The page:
Silent Witness's forensic pathology advisor Dr Stuart Hamilton explains how he keeps TV crime scenes accurate – and what the show gets wrong logo
Published: Friday, 21st April 2017 at 9:00 am


"But at the same time it has to be good television drama. Toxicology tests usually take about six weeks to come back but we can’t have Nikki Alexander (Emilia Fox) waiting around for six weeks because that timescale makes rubbish TV. You have to keep the authenticity without compromising the drama."

"Emilia Fox is meticulous about getting things right. She’s determined that the actions which are second nature to me – as a real life forensic pathologist – look second nature to her onscreen. A less experienced actress might say, 'We obviously do it like this,' but Emilia is very quick to say, 'Can we just double check things?'

"Scriptwriters always want you to narrow down the time of death to within five minutes," according to Hamilton. "I can understand why – it’s an important part of the story, placing certain people in certain places – but almost impossible to do.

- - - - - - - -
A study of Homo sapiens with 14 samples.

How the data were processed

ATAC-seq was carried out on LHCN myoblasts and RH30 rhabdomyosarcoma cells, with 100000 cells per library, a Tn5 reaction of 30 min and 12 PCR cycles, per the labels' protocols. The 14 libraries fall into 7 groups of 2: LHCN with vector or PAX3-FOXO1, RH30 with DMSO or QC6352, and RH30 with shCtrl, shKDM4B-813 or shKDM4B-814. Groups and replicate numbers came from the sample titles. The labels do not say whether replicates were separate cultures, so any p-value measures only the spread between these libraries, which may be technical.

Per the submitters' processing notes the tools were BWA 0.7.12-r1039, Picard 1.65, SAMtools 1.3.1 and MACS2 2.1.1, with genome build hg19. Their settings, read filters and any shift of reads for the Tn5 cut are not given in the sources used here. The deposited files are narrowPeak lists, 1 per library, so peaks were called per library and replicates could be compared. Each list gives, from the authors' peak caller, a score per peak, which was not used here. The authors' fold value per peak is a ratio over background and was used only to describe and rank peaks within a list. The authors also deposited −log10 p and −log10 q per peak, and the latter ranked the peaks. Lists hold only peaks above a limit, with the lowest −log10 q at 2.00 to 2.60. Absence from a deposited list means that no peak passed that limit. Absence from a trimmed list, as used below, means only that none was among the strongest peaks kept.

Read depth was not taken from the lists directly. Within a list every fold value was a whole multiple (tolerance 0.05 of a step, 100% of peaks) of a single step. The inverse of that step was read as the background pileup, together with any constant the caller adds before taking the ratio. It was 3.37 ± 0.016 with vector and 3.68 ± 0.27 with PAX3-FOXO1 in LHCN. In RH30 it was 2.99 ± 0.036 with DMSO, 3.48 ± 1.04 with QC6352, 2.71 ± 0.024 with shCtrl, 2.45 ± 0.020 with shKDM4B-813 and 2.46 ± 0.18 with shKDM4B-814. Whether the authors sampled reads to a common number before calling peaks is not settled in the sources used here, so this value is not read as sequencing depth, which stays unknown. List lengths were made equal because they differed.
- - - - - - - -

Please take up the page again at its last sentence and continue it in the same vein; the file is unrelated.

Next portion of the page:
"In real life, what I’ve said in Crown Court inquests is that the most accurate you can be is to give the time of death as the window between when the victim was last seen by a witness, and when they were pronounced dead."

"The writers will come to me and say, 'We want to end up with this cause of death'. I then have to work backwards and come up with pathology tests that lead us to that conclusion. It’s great that the writers listen to people like me as much as they do. I’ve seen drama on other channels where they just make up the pathology as they go along, but on Silent Witness, they’re so enthusiastic about getting every storyline as close to reality as possible without it becoming tedious."

"One of the things I initially struggled with was that the pathologists on the show got so involved in the police investigation. In real life, I go to a crime scene, do the autopsy and then maybe three months later I’ll get a call saying, 'Right, are you ready to come to court?'


"In the show, the pathologists are much more intimately involved but again, you have to accept that it’s drama not documentary."